A Lady’s Bank Expands Financing Available to Women Entrepreneurs



Democratic Republic of Congo: A Lady’s Bank Expands Financing Available to Women Entrepreneurs


On the walls of Rawbank’s Lady’s First branch in downtown Kinshasa hang framed posters of some of the bank’s most successful clients, alongside the bank’s motto: “Behind every great bank, there are great women.”

The branch office is spotlessly clean, with a sleek and modern look. The bathrooms look like they belong in a five-star hotel. There is a kids’ corner with colorful cushions on the floor by a TV screen. All the counters are staffed by men.

“We did focus groups with women before we opened the branch, and this is what they said they wanted. They said they prefer to be served by men,” explained Patience Barandenge, women’s market manager at Rawbank. 

The Lady’s First banking for women project forms part of the bank’s overall strategy to reach out to the market of small and medium enterprises. This strategy grew out of a $7 million loan and  advisory support from IFC in 2009 as part of IFC’s Africa Micro, Small and Medium Enterprise program.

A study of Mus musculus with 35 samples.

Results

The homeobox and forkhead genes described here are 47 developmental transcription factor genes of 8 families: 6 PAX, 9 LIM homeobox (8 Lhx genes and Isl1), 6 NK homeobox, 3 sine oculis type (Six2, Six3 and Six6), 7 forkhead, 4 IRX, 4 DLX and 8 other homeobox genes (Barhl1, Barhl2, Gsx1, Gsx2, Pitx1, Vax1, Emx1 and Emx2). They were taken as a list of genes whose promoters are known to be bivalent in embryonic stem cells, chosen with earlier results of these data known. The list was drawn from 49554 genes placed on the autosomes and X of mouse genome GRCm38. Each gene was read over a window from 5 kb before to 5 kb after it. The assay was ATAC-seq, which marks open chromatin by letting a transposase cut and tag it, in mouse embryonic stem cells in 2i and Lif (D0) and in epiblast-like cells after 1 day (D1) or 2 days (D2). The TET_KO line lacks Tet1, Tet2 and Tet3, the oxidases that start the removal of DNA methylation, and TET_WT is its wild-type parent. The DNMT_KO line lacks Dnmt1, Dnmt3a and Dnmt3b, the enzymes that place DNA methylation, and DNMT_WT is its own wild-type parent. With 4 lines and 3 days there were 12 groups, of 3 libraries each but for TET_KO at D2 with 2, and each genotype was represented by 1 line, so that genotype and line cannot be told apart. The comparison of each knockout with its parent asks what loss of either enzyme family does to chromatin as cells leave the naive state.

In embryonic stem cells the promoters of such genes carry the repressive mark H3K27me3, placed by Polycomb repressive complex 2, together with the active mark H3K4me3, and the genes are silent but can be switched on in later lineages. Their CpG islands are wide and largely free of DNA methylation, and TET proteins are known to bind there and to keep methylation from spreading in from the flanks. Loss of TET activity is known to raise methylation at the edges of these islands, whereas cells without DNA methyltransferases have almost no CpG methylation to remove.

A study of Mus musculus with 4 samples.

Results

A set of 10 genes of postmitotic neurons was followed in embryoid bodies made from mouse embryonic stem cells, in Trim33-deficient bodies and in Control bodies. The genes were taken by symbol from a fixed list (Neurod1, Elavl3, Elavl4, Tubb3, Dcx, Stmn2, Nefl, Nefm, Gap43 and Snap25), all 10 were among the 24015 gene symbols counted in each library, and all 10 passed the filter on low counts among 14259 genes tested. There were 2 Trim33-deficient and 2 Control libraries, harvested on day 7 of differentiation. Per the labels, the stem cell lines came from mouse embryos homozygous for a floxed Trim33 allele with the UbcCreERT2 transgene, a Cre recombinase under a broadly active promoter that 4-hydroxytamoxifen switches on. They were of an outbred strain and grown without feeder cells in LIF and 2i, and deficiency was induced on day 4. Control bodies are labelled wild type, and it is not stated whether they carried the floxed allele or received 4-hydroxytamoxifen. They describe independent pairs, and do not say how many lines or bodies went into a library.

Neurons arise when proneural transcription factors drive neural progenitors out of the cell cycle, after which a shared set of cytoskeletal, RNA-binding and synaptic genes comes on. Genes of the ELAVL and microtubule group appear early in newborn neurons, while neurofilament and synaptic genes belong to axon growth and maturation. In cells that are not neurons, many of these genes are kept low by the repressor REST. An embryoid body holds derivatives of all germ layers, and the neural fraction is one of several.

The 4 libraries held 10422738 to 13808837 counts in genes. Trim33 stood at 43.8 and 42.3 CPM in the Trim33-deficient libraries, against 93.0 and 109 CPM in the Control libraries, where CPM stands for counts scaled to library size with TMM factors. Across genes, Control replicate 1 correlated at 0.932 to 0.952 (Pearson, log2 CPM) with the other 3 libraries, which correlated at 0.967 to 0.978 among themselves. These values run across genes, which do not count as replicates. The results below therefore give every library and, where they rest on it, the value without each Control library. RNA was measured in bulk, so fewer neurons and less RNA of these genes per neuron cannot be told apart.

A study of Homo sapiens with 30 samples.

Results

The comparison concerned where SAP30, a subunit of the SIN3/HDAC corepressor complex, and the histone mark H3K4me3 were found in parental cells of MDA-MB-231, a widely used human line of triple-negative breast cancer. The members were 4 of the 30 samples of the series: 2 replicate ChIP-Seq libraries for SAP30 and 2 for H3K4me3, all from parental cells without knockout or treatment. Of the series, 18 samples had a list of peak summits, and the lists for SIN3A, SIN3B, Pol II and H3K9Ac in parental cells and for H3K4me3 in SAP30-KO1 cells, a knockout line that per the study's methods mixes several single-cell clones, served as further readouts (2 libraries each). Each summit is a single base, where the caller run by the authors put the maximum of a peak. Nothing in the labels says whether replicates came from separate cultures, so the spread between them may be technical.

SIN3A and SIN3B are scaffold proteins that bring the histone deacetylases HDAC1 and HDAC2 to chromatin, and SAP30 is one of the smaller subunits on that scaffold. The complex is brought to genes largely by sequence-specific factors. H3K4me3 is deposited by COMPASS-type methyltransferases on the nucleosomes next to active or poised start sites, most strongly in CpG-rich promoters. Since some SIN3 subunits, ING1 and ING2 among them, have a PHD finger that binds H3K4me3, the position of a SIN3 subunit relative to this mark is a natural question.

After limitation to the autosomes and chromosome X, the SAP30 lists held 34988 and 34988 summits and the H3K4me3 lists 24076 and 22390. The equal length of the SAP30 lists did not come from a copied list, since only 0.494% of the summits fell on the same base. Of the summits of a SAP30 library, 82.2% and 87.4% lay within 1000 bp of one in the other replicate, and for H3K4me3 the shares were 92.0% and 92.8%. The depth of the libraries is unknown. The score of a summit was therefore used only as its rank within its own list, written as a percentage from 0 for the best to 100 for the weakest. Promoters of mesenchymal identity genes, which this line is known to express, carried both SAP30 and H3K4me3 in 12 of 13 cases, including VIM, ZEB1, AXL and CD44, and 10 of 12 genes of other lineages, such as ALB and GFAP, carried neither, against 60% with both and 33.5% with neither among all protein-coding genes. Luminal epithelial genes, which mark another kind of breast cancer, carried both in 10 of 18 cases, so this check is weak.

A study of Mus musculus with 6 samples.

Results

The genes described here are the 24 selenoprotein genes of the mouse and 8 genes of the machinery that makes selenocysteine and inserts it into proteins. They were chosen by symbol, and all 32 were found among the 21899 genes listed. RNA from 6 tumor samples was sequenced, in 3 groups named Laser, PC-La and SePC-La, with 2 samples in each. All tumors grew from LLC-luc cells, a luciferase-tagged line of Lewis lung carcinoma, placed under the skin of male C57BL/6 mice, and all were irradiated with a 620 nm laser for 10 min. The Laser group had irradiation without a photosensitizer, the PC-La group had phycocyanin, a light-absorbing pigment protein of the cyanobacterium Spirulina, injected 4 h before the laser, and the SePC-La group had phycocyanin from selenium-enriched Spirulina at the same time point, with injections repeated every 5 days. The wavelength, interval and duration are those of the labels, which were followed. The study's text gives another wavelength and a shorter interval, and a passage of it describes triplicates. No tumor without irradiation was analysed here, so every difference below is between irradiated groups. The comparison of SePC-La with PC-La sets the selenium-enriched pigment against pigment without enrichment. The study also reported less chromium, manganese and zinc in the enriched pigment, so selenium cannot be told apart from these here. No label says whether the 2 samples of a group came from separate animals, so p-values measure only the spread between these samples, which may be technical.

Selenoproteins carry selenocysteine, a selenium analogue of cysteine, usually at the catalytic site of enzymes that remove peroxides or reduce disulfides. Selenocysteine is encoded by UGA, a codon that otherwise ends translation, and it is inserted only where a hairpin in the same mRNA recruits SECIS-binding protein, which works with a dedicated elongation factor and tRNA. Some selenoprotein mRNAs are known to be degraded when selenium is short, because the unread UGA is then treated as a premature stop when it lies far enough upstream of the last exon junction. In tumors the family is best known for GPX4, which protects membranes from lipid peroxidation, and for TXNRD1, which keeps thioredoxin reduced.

The Democratic Republic of Congo has one of the lowest rates of access to finance in the world, at only about 1 percent of the population. Less than 18 months after the Lady’s First program started, Rawbank had lent $2.96 million to women entrepreneurs and 371 women customers had opened accounts valued at $5.9 million.

Two products that Rawbank developed for the women’s market have become important products for the bank’s general market of small and medium enterprises. The Rawconseil offers clients free legal advice on how to register and run a small business in accordance with Congolese regulations. This product is an important tool in formalizing the SME sector. 

The second product, Credit Avantage, offers customers credit based on their savings history instead of on traditional collateral. Small businesses often lack collateral, and it is in any case difficult for the bank to recover collateral because of the country’s poor legal framework. 

One Credit Avantage customer, 35-year old Jacqueline Mavinga, secured a $6,000 loan to open a clothing shop. Before taking the loan, she received training through Lady’s First on how to draw up a proper business plan and keep accounts. More than 180 women entrepreneurs have received similar training through the program. 

 “People take you much more seriously when you are backed up by a bank,” Mavinga said.